The cost of a UK first-class stamp has risen by two pence to 32p, the second price rise by Royal Mail in three years. Second class stamps rise to 23p.
Postcomm has limited the amount by which Royal Mail can lift prices
The company cleared the way for the increases on Friday by accepting a plan that lays out prices until 2010.
Under the agreement with regulator Postcomm, it cannot increase the price of a first-class stamp to more than 37p before 2010.
It is facing new rivals and is battling to plug a pension deficit.
The UK postal market was opened up to greater competition from 1 January, and the Royal Mail has been calling for greater freedom to increase its prices and limit losses.
The company has been losing money on domestic UK mail but has made up for the shortfall with its profitable business mail service.
However, Postcomm said that customers cannot be expected to take the full burden of price increases and the company needs to find ways of cutting costs and becoming more efficient.
A Royal Mail spokesman said the price rise was part of the normal round of adjustments and came only after lengthy consultations with Postcomm.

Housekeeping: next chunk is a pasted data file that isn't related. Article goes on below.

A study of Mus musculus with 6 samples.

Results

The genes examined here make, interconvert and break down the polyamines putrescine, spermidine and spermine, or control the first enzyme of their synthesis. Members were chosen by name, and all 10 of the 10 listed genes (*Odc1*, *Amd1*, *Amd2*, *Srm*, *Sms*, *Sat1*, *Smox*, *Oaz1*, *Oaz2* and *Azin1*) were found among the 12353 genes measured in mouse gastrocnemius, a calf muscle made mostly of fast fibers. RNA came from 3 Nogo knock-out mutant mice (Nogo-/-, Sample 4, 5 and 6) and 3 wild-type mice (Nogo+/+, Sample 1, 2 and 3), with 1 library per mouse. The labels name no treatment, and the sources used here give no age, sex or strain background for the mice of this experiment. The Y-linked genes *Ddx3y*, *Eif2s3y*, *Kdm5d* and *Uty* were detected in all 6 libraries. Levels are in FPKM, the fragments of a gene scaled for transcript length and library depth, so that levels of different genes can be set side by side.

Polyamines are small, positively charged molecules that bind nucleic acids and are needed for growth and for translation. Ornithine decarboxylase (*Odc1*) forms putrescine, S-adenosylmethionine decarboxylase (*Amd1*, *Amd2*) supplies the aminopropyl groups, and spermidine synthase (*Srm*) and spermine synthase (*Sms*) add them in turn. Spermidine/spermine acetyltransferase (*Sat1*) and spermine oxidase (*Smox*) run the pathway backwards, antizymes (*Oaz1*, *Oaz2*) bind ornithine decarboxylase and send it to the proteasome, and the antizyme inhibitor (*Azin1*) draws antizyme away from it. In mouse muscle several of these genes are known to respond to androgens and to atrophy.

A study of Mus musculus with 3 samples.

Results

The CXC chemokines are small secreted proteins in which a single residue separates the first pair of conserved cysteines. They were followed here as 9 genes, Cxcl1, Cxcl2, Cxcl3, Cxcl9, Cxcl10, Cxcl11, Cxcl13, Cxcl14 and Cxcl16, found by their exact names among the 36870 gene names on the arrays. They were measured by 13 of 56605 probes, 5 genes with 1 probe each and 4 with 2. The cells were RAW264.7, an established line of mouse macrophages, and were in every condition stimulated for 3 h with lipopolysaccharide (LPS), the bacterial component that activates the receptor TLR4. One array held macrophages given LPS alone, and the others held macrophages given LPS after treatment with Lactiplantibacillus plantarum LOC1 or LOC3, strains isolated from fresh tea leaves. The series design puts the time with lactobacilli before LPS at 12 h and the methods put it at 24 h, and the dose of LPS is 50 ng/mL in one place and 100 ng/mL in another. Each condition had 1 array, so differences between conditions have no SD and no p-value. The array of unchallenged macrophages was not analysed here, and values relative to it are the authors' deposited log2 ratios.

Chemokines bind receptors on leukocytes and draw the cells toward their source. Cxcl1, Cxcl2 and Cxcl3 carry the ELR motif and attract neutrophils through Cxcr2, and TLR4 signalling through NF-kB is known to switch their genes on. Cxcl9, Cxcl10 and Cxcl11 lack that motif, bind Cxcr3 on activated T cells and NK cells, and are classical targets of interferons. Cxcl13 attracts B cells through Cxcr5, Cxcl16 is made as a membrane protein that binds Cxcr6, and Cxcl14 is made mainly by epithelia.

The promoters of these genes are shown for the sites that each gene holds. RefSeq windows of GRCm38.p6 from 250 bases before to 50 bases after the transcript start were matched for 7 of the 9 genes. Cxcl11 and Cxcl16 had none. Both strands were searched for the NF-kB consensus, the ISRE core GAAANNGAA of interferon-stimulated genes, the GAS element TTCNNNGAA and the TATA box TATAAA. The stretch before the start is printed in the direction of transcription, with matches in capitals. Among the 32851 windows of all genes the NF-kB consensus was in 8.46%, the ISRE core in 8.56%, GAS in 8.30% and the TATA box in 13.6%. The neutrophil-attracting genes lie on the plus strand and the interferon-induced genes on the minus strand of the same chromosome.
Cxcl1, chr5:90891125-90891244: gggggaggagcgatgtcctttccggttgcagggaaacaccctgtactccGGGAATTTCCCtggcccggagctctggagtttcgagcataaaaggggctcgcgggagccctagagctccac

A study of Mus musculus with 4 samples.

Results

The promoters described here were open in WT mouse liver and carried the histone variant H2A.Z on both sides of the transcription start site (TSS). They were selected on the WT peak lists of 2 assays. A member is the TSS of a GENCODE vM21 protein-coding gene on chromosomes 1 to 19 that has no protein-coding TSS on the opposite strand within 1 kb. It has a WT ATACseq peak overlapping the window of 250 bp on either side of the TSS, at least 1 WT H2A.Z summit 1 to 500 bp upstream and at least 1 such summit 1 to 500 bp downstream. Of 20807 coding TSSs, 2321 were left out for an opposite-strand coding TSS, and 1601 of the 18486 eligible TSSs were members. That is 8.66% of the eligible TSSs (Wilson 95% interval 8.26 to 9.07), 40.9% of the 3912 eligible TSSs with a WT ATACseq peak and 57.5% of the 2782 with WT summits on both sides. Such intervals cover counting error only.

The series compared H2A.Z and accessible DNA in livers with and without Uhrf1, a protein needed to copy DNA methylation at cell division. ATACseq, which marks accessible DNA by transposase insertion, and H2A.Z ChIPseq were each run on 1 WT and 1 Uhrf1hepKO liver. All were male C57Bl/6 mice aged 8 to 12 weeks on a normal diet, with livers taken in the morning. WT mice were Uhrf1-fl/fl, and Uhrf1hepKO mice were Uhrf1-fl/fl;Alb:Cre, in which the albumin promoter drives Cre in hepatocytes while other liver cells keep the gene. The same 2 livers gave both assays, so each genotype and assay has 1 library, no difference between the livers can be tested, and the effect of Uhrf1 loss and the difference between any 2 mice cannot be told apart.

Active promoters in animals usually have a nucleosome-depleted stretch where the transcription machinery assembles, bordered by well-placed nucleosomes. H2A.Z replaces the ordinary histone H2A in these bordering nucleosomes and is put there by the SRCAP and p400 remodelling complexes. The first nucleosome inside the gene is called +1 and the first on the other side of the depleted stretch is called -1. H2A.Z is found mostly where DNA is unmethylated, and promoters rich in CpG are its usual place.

"New financial year, new prices," he said.
Postcomm said it has agreed in part to the increase because of the problems Royal Mail was having with its "enormous" pensions deficit.
Under the new agreement, first-class franking prices have also increased to 31p for mail weighing up to 60g, while a second-class franking price will be set at 22p.
Royal Mail Special Delivery Next Day has increased by 25p to £4.10 for mail up to 100g.
"We believe this framework will enable Royal Mail to invest in the business, meet its obligations to the pension fund and build on these achievements going forwards," Postcomm chairman Nigel Stapleton said in March.
Meanwhile, Post Office Financial Services announced that it is to launch its first ever savings account.
The Instant Saver account offers an interest rate of 3.75%, boosted to 4.75% for the first year.
Savers are allowed to make six penalty-free withdrawals a year. After this quota is used up, savers have to pay to make withdrawals.
The highest paying savings account in the market currently pay close to 5%.